The final color of the pixel displayed on the screen is given by the following equation:

If = Ia + Id + Is

where **If** is the intensity of the pixel final color, **Ia** is the intensity of the ambient color, **Id**
is the intensity of the diffuse color and **Is** that of the specular color.
For more explanations on these various components, please refer to the Lighting & Materials
tutorial (soon available).

**Ia**, **Id** and **Is** are all four-dimensional RGBA vectors.

The **Ia** term is the ambient component. **Ia** is the result of the multiplication between the ambient component of the light and
that of the material which composes the surface of the 3d object:

Ia = Al * Am

where **Al** is the ambient component of the light and Am that of the material. Ia is generally a constant RGBA vector,
and this value is the same one independently from the pixel. We will see in another tutorial a more advanced expression of
this ambient term with the technique known as the **Ambient Occlusion Lighting**.

The **Id** term expresses the final diffuse component. This component is given by the following equation:

Id = Dl * Dm * LambertTerm

where **Dl** is the diffuse component of the light and **Dm** that of the material.
The **LambertTerm** factor is the keystone of the lighting equations. It is indeed the value of this factor which will make
it possible to create the self shadow of a 3d object (self-shadowing). This Lambert coefficient is calculated with the following dot
product:

LambertTerm = max( N dot L, 0.0)

where **N** is the normal vector to the considered pixel and **L** the light vector at the same pixel. This simple relation but
so fundamental, tells us that the value of the Lambert coefficient will be maximum (1.0) if the angle between the two vectors (L and N)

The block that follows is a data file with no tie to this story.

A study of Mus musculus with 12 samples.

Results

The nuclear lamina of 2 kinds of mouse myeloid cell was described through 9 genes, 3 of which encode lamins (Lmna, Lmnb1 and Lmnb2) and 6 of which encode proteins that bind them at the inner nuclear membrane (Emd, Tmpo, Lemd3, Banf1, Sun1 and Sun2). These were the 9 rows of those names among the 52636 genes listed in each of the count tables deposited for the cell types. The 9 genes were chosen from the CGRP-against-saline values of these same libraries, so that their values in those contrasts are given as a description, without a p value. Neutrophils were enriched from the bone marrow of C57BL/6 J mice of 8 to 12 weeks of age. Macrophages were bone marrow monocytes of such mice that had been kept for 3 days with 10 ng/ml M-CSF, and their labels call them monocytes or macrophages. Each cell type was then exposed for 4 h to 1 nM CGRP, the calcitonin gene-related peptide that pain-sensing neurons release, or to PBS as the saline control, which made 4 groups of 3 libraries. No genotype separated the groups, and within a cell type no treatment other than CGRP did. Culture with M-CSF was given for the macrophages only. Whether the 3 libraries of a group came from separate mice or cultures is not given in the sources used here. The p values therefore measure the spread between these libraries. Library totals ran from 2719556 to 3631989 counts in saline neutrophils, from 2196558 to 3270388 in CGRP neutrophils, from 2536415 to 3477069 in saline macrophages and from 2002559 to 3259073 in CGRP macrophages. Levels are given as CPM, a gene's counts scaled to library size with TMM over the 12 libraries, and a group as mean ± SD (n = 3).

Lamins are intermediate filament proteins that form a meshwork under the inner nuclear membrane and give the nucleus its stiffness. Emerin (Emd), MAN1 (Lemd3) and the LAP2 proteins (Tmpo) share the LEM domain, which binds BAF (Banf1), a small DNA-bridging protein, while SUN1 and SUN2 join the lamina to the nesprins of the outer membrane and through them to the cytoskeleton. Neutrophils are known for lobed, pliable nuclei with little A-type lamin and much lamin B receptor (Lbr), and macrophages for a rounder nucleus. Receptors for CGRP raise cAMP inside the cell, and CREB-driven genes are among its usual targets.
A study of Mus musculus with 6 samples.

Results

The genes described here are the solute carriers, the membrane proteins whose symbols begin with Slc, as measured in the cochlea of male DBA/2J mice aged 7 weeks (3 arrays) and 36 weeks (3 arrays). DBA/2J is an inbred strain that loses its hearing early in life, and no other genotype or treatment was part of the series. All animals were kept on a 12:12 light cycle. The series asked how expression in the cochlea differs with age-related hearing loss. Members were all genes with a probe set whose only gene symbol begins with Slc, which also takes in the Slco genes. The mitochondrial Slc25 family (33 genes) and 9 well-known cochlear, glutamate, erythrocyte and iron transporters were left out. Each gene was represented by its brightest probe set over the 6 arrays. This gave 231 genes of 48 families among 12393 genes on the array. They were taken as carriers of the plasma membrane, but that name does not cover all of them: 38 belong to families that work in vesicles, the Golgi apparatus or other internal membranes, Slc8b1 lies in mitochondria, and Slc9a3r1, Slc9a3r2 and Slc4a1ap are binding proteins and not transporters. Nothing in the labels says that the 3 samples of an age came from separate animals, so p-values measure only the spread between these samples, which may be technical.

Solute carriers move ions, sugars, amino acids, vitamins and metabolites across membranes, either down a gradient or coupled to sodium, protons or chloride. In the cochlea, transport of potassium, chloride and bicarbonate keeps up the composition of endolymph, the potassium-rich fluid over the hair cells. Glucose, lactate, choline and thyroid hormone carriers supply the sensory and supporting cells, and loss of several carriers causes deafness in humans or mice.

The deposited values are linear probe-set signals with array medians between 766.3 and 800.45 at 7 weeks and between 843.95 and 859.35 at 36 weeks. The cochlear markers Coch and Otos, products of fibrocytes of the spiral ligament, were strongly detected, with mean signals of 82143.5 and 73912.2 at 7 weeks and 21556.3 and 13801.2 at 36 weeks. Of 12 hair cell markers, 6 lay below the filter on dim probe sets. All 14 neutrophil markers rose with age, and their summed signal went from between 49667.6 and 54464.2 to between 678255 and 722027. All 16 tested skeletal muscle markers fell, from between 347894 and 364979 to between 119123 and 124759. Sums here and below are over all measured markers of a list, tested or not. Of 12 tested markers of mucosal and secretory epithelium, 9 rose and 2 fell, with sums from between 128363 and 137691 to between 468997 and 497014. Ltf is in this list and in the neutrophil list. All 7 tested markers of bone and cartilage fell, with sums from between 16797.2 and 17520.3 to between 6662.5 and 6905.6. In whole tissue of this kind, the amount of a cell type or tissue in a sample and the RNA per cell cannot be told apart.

equals zero, i.e. if the pixel is directly in front of the light. For all the other cases, the Lambert coefficient will vary between 0.0
and 1.0 what will generate the self shadow.

The max() function is just there to prevent us from having a negative value for the Lambert term.

__Update: March 8, 2006:__
The Is term expresses the final specular component. This component is obtained by:

Is = Sm x Sl x pow( max(R dot E, 0.0), f )

The **Is** term is from far the most complicated to calculate but it is responsible of these famous specular reflections on
the surface of the objects. Sl is the specular component of the light and Sm that of the material. **E** is the view vector
or camera vector and **R** is the light L reflected vector in relation to the normal N. **R** is obtained with:

R = reflect(-L, N)

where **N** is the normal vector to the pixel considered, **L** the light vector and reflect() a function
(available in GLSL) which makes it possible to calculate the reflexion vector of L in relation to N. The pow() function is the power
function which makes it possible to raise a number N to the power of p: pow(n, p). **f** is the specular exponential factor
(the famous shininess in OpenGL) which represents the hardness and the precision of the specular reflection.

These small explanations show us the importance of the **N** normal vector. In traditional rendering process, the **N** vector at
the level of a pixel results from the interpolation of the three normal vectors of the three vertices which form the current face of the
3D object. In this case the variations of the N vector are very small on the current face.

The bump mapping technique precisely consists in giving more life and *sparkling* to this poor **N** vector by drawing for
each pixel a normal vector from a normal-map. For more details on the normal map, please refer to this tutorial: Normal Maps.
The textures used for this tutorial are the same ones as those of the normal-maps tutorial.